Czech lawmakers are due to begin debating a government draft bill proposing to curb the powers of the country’s head-of-state. Many argue the need to redefine the president’s role became an issue after the country opted for direct presidential elections, which gave the new head-of-state arguably more leverage in influencing key decision-making. Politicians both in government and in the opposition would like to see that changed.
The parties in government, most notably the Social Democrats, have long stated that changes limiting the powers of the Czech head-of-state are not a reaction to the man currently at Prague Castle. But there are others, most notably from the centre-right opposition, eager to limit his influence were he to win a second term. Critics of the president have charged that from day one Mr Zeman has tried to maximise his power more than either of his post-1989 predecessors, putting himself front-and-centre even though the country has a parliamentary – and not a presidential – system.
Cases in point? His handpicking a previous interim government, pushing through preferred candidates for ambassadorial posts, and taking the longest time on record in naming the current government of Prime Minister Bohuslav Sobotka. The different parties in Parliament have varying priorities, but there is general agreement that more emphasis should be made on the system in place. Social Democrat Jeroným Tejc:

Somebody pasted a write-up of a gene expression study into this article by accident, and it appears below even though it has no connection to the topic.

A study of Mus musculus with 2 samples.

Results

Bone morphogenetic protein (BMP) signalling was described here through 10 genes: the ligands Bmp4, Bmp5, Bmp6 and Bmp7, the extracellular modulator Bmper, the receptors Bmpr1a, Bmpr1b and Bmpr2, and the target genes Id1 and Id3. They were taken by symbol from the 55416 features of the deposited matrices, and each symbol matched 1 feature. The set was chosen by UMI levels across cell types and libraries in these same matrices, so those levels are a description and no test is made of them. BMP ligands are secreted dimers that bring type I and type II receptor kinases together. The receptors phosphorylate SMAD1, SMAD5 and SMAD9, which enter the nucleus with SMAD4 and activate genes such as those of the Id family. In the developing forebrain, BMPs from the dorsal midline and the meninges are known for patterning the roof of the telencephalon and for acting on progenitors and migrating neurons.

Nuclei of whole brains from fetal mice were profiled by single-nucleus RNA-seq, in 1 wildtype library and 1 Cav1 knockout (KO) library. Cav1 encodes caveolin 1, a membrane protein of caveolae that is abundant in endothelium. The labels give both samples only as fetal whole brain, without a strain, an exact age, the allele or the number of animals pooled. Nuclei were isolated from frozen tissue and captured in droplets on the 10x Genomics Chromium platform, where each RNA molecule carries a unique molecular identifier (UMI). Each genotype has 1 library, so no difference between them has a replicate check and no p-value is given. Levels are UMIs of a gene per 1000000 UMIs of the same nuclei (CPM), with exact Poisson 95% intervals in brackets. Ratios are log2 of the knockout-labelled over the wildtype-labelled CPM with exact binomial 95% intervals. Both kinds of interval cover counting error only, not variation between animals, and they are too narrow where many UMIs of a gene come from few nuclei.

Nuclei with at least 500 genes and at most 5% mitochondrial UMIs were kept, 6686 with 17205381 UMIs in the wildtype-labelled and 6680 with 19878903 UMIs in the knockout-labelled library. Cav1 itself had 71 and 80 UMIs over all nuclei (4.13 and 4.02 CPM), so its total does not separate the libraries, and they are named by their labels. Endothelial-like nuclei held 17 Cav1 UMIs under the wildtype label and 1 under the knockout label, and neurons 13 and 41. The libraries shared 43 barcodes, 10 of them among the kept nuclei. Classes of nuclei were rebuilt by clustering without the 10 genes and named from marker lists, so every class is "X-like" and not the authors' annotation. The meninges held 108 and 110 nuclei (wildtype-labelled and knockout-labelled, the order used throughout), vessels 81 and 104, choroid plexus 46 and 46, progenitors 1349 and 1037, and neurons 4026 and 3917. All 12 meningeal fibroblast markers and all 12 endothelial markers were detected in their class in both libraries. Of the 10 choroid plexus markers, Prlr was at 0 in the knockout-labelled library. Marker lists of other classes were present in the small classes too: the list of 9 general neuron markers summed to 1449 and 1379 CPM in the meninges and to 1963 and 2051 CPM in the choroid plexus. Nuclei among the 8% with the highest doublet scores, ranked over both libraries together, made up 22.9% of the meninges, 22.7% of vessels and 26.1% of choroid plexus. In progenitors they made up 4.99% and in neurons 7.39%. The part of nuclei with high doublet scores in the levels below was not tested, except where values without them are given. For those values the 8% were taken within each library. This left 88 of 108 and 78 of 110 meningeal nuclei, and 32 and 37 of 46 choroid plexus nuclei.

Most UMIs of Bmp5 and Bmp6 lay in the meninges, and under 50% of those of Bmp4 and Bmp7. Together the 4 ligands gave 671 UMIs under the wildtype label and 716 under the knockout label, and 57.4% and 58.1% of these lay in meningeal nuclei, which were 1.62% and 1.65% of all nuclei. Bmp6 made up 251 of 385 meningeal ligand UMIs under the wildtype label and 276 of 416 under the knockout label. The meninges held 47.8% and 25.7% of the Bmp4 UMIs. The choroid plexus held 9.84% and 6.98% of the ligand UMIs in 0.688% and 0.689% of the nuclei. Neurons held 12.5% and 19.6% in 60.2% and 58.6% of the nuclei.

“The Parliamentary system of governance should be untouched.”
Concretely, parties will discuss a whole array of issues, including the naming of judges, the naming of candidates to the central bank, outlining a period by which, following coalition agreements, new governments should be named, limiting the carrying over of mandates by MPs in the lower house as well as issues President Miloš Zeman himself has raised: the naming of university professors, declaring amnesties or granting pardons.
The shopping list is long – whether agreement can be found between parties on opposite sides of the political spectrum remains a question. Meanwhile, lawmakers insist that any changes will only come into effect after the current presidential term, with no effect on Mr Zeman (unless, presumably, he is re-elected). All the same, the proposal has won few supporters at Prague Castle. The president’s spokesman Jiří Ovčáček said this:
“It is illogical for a head-of-state, who is elected directly by the public in free elections, to have weaker powers than a president elected by Parliament.”
According to Czech TV, MPs in the lower house will try to hammer out a consensus by March.